Mumbai: 'Cut' culture plagues doctors

Sunday, 22 December 2013 - 8:36am IST | Place: Mumbai | Agency: DNA
Rampant exploitation of patients by medical practitioners to earn a quick buck rings alarm bells for the Indian Medical Association, which will soon launch a massive campaign against the unethical practice.
  • Sudhir Shetty DNA

With growing instances of doctors compelling patients to undergo treatment/tests at hospitals and labs of their choice to earn commission, the Maharashtra chapter of the Indian Medical Association has decided to ‘sensitise’ medical practitioners to the evils of this unethical practice.

IMA-Maharashtra, the biggest body of doctors in the state with 40,000 members and 200 branches, will soon launch a massive campaign, appealing to doctors against the ‘cut culture’.

“Next week, there is a national conference of IMA where we will be raising this issue,” said Dr Anil Pachnekar, president of IMA-Maharashtra.

The IMA push comes in the wake of a damning exposé of this kickback system in prestigious Lancet medical journal by Mahad-based Dr H S Bawaskar, who has been fighting to weed out the menace of commission.

Many doctors, who dna spoke to, admitted that the ‘refer-and-earn’ practice has become widespread in Mumbai, Thane, Pune and other cities. In fact, a hospital in the western suburbs has three staffers only to deliver commission envelopes to doctors. A SoBo doctor said the ‘fee’, which was earlier in the range of 10 to 15 per cent, has today shot up to nearly 50 per cent.

Noted cardiologist Dr Sandeep Rane, a vocal critic of the ‘cut culture’, said the practice brings a bad name to the medical fraternity. “The sooner it ends, the better for all the stakeholders.”

Ravi Duggal, an activist from the People’s Health Movement said it is an open secret that most of the medical practitioners accept money for referring patients to diagnostic labs, hospitals and super speciality doctors, but nobody is willing to talk against it.

Duggal said, “Many doctors do not follow the code of ethics prescribed by the Medical Council of India. The government should strictly implement the Clinical Establishment Act 2010, which calls for the appointment of a regulatory authority to curb unethical practices which increase the cost of treatment tremendously.” Consultation fees, cost of treatment, including diagnostic tests, should be standardised, added Duggal.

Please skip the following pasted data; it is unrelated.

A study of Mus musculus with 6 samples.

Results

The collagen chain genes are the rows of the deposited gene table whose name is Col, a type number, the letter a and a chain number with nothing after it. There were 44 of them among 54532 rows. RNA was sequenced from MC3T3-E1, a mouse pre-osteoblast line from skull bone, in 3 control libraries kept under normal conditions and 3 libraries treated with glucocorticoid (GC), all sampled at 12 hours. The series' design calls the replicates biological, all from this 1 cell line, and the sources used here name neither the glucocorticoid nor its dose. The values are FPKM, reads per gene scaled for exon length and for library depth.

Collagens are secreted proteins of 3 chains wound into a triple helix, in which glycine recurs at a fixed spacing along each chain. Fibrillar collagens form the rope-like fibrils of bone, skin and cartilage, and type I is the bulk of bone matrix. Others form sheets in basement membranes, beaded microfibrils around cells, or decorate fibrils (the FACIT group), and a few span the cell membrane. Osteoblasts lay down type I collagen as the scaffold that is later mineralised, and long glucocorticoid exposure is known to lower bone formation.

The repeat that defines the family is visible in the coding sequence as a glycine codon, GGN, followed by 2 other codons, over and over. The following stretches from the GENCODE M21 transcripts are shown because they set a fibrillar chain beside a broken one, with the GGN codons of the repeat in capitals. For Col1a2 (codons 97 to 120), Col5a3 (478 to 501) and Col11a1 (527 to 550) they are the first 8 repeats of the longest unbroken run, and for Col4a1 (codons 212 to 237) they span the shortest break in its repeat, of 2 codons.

Health activist and diabetic foot surgeon Dr Arun Bal said it is often difficult to prove that a particular doctor is resorting to this malpractice. The other problem is that there is no agency to take action against diagnostic centres, which promote the ‘cut culture’. We need to set up a mechanism to rein in these labs.”

However, some diagnostic centres said that they did not believe in the kickback system. Dr Sushil Shah, founder-chairman of Metropolis Health Services, which has several diagnostic centres and laboratories across the country, said, “Some doctors do demand commission for referring patients to us, but we discourage them. Though they threaten to refer the patients to other centres, we are least bothered.”

The crusader Recently,
Dr HS Bawaskar, a Mahad-based  physician, exposed a Pune-based private diagnostic laboratory, which gave commissions to doctors for referring patients. Dr Bawaskar had referred a patient to this laboratory and forgotten all about it. He was shocked when he received a cheque for Rs1,200 from the test centre. When he inquired, the laboratory officials told him with a straight face that it was his “professional fees”. The doctor then complained to the Maharashtra Medical Council which is currently hearing the case.  He followed up the exposé with a well-researched article in the prestigious medical magazine, Lancet, which outlined the extent of the cut system in India.